Last year, you were all among the people kind enough
to comment on the last call of our specification “Content Selection for
Device Independence”. We responded to all comments on the public
mailing list for the document, which is archived at http://lists.w3.org/Archives/Public/public-diselect-editors/.
Some we accepted, some we declined.
In a number of cases, we did not hear back from you
after we responded to your comments. Given the time that has elapsed since our
responses were sent, we have assumed that a lack of reply means that you have
accepted our response.
Based on the feedback that we received from you, and
from others, we made significant changes to the specification. In addition, we
split the formal part of the specification into two parts, and have started
work on a Primer. It was clear from a number of comments that we had not
adequately explained how to use the specification. Some people felt that we
were deliberately violating the principle of separation of concerns, which was
certainly not our intent.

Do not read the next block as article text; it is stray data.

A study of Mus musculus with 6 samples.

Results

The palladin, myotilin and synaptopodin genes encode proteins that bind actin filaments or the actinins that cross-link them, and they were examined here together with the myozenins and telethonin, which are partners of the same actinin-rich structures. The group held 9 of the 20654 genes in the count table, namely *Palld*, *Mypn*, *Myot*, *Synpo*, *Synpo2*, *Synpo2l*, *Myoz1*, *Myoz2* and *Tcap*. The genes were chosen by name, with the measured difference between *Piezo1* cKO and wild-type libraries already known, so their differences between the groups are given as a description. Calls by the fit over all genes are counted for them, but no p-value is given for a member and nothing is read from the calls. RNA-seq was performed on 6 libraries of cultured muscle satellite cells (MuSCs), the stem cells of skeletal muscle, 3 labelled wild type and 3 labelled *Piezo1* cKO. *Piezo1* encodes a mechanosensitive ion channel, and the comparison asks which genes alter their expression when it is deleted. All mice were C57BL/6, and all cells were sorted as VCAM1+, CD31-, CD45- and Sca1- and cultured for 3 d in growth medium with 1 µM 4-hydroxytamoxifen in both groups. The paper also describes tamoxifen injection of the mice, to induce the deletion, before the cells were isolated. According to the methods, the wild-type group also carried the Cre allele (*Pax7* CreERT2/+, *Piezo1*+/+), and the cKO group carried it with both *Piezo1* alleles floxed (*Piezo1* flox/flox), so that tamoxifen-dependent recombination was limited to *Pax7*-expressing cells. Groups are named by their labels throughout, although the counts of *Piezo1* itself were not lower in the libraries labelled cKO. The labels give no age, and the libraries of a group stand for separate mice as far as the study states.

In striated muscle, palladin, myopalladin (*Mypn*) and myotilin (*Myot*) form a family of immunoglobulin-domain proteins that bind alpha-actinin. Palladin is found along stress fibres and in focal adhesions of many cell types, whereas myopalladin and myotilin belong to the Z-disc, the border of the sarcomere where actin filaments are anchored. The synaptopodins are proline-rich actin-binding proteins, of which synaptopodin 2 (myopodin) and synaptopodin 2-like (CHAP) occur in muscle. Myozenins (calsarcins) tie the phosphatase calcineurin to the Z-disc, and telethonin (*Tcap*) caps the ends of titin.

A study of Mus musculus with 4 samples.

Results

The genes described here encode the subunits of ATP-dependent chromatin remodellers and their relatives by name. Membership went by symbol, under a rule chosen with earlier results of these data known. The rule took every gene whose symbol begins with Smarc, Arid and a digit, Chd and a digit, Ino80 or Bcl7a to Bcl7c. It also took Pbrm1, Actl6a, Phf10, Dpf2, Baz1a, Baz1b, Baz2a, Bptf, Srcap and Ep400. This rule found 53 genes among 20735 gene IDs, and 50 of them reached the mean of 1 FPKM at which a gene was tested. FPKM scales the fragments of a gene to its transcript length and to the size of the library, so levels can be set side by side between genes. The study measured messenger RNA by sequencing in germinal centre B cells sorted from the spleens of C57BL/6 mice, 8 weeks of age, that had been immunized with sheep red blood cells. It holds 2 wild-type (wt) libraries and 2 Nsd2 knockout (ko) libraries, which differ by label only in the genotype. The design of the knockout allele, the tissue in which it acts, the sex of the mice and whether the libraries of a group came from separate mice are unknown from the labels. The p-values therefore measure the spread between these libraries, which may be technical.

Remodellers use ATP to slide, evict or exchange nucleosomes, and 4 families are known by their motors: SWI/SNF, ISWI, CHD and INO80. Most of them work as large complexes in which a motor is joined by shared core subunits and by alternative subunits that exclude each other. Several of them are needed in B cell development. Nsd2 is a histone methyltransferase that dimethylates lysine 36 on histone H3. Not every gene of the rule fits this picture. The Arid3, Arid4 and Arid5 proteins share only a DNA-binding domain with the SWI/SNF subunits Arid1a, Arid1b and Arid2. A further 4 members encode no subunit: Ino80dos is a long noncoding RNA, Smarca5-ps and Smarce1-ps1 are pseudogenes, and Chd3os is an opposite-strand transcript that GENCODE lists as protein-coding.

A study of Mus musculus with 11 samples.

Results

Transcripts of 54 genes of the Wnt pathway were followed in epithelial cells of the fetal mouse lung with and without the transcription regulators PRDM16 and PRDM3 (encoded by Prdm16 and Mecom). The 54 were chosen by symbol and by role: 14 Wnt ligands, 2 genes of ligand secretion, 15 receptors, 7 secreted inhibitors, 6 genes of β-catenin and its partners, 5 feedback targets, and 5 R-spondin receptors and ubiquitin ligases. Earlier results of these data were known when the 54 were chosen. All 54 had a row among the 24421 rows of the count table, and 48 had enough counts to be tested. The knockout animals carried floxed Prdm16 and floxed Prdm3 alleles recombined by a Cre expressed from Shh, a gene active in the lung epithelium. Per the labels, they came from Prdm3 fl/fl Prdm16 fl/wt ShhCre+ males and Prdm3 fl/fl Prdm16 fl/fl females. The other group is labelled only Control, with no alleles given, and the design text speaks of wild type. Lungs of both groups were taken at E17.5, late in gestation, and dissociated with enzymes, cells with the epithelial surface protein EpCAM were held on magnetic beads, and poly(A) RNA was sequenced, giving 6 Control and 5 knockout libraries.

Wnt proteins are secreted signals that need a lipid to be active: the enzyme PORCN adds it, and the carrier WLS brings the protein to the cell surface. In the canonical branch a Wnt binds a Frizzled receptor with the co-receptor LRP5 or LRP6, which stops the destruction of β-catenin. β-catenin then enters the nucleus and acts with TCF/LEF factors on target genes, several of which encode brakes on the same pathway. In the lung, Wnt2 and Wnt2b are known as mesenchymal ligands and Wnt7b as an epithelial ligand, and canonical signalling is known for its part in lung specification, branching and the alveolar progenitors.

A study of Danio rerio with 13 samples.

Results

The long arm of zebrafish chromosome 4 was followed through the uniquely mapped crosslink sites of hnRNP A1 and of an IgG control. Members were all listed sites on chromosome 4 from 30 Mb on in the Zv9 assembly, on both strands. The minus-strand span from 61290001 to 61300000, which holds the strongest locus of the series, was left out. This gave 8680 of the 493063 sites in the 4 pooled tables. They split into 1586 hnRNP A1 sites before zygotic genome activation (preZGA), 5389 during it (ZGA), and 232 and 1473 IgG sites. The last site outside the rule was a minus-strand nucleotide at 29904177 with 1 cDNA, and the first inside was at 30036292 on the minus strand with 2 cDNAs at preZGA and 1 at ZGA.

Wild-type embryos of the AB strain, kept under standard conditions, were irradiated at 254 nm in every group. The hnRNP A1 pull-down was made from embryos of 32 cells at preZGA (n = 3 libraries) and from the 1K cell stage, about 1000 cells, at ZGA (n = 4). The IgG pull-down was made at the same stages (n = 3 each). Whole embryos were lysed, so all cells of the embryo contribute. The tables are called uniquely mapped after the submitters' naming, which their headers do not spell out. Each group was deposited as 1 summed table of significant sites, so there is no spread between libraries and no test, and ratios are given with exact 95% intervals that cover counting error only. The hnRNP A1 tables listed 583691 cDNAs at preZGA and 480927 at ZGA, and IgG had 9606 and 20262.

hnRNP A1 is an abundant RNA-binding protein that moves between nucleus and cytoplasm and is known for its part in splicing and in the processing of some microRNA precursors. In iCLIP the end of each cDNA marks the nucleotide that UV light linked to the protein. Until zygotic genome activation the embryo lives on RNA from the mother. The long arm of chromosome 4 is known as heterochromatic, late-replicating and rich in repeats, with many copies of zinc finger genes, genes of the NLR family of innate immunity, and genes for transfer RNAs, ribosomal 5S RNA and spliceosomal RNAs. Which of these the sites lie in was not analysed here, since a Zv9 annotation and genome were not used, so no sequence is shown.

Because of these and other changes, we have re-issued
the last call for this specification. The publications for the second last call
Content Selection for Device Independence
> In a number of cases, we did not hear back from you after we responded
> to your comments. Given the time that has elapsed since our responses
> were sent, we have assumed that a lack of reply means that you have
> accepted our response.
Given the time that has elapsed, I'm afraid I'm no longer sure what I
said. However, looking at the latest drafts I think my original concerns
still stand. Perhaps the primer will clear this up, but this seems to be
an effort to create an embedded stylesheet language. It mixes content
with presentation in direct contravention to the goals of the Web, HTML,
and XML going back to their earliest days.